Thinking Beyond Bling – Shades of India
I often wonder how vibrant brocades, blingy crystals and metallic embroidery have broadly become synonymous with ethnic fashion in India. I have seen innovative revival of myriad of traditional Indian techniques at various Indian fashion weeks for more than six years now and what hit my eyes the most is overdesign. In most scenarios, the designs are screaming on your face for attention. In what seems to be a case of unusual but fundamental alteration in the way ethnic fashion is presented, Shades of India’s latest collection that launched at Amethyst, Chennai got all my attention in ethnic fashion repertoire for it’s minimalist approach. The brand’s design director Mandeep Negi’s tryst with fashion is a far cry from the regular bling struck potpourri. Her ethos goes beyond the bling to suffice everyday fashion sensibilities in mature and sophisticated outlook. When most Indian fashion designers who do ethnic seem to shy away from minimalism, the clothing at Shades of India is a refreshing melange of fine traditional artisanship interpreted with the a minimalist western sensibility. Unlike most ethnic lines that appear to strictly cater to the wedding segment where easy money lies, the collection range at Shades of India deals with everyday cultural and lifestyle needs.
It appears like Mandeep has clearly observed the global Normcore tribe and has dared to interpret the notion into her ethnic collection Oona, which explores the concept of oneness in fine silks, sensual drapes and elegant embroidery. Free flowing tunics and kurtas teamed with palazzo in a subtle and earthy color palette give you a surreal mix of warmth and liberation. Details like stitch lines on brocades, neckline finished with blanket stitch, two stripe fabrics layered in criss-cross direction, raw edges and layered collars in myriad of patterns are quirky and yet wearable. Mandeep’s creations are not for the loudmouth at social gathering who demands attention; it’s for the gracious intellect who commands attention. May be it is with this in mind that the brand shot the lookbook of the Baiyu range with women achievers in field of art, filmmaking, media and social service. Baiyu line is slightly lesser priced than Oona range, drawing inspiration from classic Japanese motifs derived from Sashiko patterns. The clothes have a complimentary colour story of natural, turmeric, coral, jade and ivy blue mixed with metallic hints. Apart from Oona and Baiyu range on display at Amethyst, Shades of India also presented their infamous home furnishing line (where blingy metallics makes appearance with earth neutrals) and handcrafted accessories.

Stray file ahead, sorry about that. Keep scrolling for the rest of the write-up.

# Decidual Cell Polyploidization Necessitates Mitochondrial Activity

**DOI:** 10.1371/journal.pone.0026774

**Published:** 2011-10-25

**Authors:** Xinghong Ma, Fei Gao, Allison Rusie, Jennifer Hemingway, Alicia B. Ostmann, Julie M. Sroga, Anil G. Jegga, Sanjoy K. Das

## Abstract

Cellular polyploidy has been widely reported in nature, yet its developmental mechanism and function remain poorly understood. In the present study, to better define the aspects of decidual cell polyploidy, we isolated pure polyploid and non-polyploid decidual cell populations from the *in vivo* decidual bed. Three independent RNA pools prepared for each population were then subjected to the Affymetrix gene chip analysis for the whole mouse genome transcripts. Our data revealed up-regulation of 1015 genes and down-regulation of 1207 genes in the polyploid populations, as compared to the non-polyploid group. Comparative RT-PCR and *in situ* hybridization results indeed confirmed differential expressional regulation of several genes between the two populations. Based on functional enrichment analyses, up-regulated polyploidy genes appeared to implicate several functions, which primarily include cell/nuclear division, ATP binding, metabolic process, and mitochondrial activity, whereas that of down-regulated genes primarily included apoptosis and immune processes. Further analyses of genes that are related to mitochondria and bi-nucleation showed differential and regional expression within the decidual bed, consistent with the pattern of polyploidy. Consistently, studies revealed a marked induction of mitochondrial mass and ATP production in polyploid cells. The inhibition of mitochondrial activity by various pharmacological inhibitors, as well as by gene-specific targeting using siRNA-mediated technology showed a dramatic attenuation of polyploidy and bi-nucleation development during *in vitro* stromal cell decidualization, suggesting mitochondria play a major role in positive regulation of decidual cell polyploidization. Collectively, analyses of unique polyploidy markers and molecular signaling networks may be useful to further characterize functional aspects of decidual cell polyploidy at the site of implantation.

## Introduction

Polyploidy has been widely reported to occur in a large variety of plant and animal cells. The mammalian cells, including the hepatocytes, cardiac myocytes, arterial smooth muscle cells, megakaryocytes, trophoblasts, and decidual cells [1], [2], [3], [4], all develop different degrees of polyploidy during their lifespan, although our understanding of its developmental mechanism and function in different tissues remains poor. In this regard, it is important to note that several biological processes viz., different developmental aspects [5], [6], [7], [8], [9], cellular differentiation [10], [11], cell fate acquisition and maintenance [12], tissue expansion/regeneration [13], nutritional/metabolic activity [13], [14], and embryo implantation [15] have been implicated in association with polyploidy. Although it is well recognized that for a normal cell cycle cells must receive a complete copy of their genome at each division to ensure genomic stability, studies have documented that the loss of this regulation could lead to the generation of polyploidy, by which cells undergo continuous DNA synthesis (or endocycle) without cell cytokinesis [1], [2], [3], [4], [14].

A fashion blogger attends several fashion events. But how often do the designs carry forward in the blogger’s mind once the even concludes? Shades of India’s collection displayed at Amethyst is something I’ll recollect even 5 years down the line in to recite my account on progressive ethnic fashion. Amethyst itself isn’t your regular fashion boutique where mannequins cramp up a yellow lit space. It is a restored British Raj house of the late 19th Century with lush garden, through whose cool, large rooms one can literally waltz through. Both Amethyst and Mandeep’s creations share something in common – they boast a heritage, juxtaposed with contemporary receptivity.
Indian fashion industry had predominantly seen ethnic clothes smeared with phool-patti at every possible congregation of warp and weft. The phenomenon may possibly have a commercial angle since, for an orthodox Indian consumer the ‘designer-ness’ of a garment goes up with count of the crystals and embroidery. In India, somehow the consumer has influenced the designer, instead of what should be the reverse. May be this is where Indian fashion bloggers like myself can do our bit by throwing light on the rigid dichotomy between quantity minded inelegance and quality driven sophistication. The noticeable paradigm shift in combining innovative heritage textiles with quirky aesthetics will redefine the Indian ethnic fashion of tomorrow.